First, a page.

When you forget to eat, here's what happens to your body, according to a nutritionist

Do you ever get so busy during your work day that you just forget to eat? Yeah, this can happen to all of us. There never does seem to be any time for breakfast, even if you're working from home — especially if you repeatedly hit the snooze button until it's time to roll out of bed, fire up the coffee maker, and get to work. Then comes lunchtime, and you're in the zone, so you just keep right on rolling. While such dedication to duty is admirable, you're not doing your body much good by skipping your daytime meals.

Dr. Brooke Scheller, DCN, CNS and the Director of Nutrition at Freshly, warns: "When we forget to eat during the day, we almost always end up overindulging in the evening on the wrong types of foods." She goes on to explain: "Waiting too long to eat results in low blood glucose, which reduces our self-control, making it harder to say no to those more indulgent foods."

The right way to eat throughout the day

Scheller recommends that you aim to consume some sort of protein and/or healthy fat at every meal, meaning that if you snack on fruit, you should also be adding in some nut or nut butter or perhaps a piece of cheese -– think slices of Granny Smith paired with a nice sharp cheddar or strawberries dipped in almond butter. If you have a salad for lunch, toss in some chicken or salmon or maybe some black beans (this last option would go great with a homemade dressing). The addition of protein to each meal, Scheller says, "helps to taper our body's blood sugar response, keeping us full and focused for longer."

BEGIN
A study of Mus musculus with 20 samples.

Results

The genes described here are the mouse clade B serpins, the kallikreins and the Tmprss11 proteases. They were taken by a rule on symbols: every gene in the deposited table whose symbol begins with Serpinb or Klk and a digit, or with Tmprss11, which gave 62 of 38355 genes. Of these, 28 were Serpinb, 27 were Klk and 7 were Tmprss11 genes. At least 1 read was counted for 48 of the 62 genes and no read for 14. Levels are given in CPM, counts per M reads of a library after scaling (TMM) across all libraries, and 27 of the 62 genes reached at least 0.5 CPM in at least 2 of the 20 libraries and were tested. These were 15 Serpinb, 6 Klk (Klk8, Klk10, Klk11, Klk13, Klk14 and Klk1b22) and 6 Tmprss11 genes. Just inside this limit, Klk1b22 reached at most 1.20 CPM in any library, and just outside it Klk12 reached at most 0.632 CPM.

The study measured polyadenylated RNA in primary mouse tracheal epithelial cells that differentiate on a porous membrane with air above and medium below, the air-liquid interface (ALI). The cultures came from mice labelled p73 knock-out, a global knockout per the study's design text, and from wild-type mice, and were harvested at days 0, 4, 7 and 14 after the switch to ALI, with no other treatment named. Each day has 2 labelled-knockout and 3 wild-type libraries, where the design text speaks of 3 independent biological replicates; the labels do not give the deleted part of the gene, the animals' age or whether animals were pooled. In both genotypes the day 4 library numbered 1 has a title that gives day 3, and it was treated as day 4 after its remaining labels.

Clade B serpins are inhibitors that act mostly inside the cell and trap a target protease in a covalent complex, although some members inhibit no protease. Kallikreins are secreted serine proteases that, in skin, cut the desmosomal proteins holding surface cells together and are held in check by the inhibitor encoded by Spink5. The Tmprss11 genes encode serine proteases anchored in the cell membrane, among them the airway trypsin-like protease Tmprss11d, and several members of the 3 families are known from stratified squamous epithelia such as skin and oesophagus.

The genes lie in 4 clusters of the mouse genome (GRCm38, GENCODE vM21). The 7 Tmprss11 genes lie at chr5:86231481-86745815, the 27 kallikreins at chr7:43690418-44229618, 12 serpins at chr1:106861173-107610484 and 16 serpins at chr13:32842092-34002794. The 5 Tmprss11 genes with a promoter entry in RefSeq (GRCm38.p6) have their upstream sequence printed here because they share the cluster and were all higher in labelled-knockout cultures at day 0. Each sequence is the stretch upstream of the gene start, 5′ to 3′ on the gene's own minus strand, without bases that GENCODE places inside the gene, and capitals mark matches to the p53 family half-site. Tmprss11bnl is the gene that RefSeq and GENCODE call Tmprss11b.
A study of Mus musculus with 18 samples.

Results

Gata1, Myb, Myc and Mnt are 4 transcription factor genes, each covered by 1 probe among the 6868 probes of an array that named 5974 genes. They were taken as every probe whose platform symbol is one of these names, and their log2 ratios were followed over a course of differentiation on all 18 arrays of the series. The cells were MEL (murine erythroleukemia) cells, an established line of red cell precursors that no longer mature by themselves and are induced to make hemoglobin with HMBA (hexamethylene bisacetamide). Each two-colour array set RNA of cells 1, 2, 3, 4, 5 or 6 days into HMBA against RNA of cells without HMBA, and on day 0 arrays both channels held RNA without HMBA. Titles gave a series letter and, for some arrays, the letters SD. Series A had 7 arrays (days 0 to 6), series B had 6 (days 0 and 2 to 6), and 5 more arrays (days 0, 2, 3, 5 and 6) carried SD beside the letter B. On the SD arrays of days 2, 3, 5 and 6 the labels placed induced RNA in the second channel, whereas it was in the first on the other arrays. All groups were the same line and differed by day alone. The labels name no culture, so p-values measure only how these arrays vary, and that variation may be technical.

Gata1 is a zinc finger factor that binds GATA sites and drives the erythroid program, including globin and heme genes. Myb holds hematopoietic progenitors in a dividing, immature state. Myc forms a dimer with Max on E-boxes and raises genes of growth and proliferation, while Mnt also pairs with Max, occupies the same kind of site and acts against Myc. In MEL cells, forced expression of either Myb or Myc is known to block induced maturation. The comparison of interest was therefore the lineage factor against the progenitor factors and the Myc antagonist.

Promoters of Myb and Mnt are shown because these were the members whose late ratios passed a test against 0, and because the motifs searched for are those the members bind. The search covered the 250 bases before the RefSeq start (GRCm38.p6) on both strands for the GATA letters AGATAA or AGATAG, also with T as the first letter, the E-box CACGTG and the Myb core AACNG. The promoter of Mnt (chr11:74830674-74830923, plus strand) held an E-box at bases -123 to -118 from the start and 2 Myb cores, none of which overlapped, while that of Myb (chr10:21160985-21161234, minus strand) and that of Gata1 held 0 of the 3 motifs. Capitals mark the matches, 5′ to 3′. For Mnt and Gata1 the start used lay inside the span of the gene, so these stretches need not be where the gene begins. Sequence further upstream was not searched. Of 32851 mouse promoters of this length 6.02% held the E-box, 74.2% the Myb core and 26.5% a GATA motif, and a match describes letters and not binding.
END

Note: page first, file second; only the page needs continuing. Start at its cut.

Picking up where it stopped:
As a general rule of thumb, Scheller suggests eating every three to four hours in order to maintain your blood sugar levels. A regular lunchtime also helps to decrease your body's stress levels — she thinks that aiming for something between noon and 1 p.m. is appropriate. Post-lunchtime snacks (healthy ones, of course) are good, too, since they "can be helpful to stave off decreases in energy and productivity to power through the afternoon."

More reasons it's important to take a break

Whether or not you're hungry, you should still schedule in some time for a short break during the latter part of the work day every day –- and no, not just a "break me off a piece of that Kit Kat bar" kind of break. According to Scheller, "without scheduled breaks we may stop to snack, even when we're not hungry ... just to take a minute away from the computer."

As an alternative to overindulging in candy and other non-dietician-approved snack foods, Scheller suggests taking a quick walk, just not to the vending machines. She says that it's best to get outdoors for a few moments if you can (and it's not, like, 30 below zero or pouring rain), since "exposure to the outdoors increases positivity and improves well-being and even can increase job satisfaction." (Plus there's bound to be a Starbucks on the corner, just in case you do succumb to temptation –- and they do have a few healthy items on the menu.)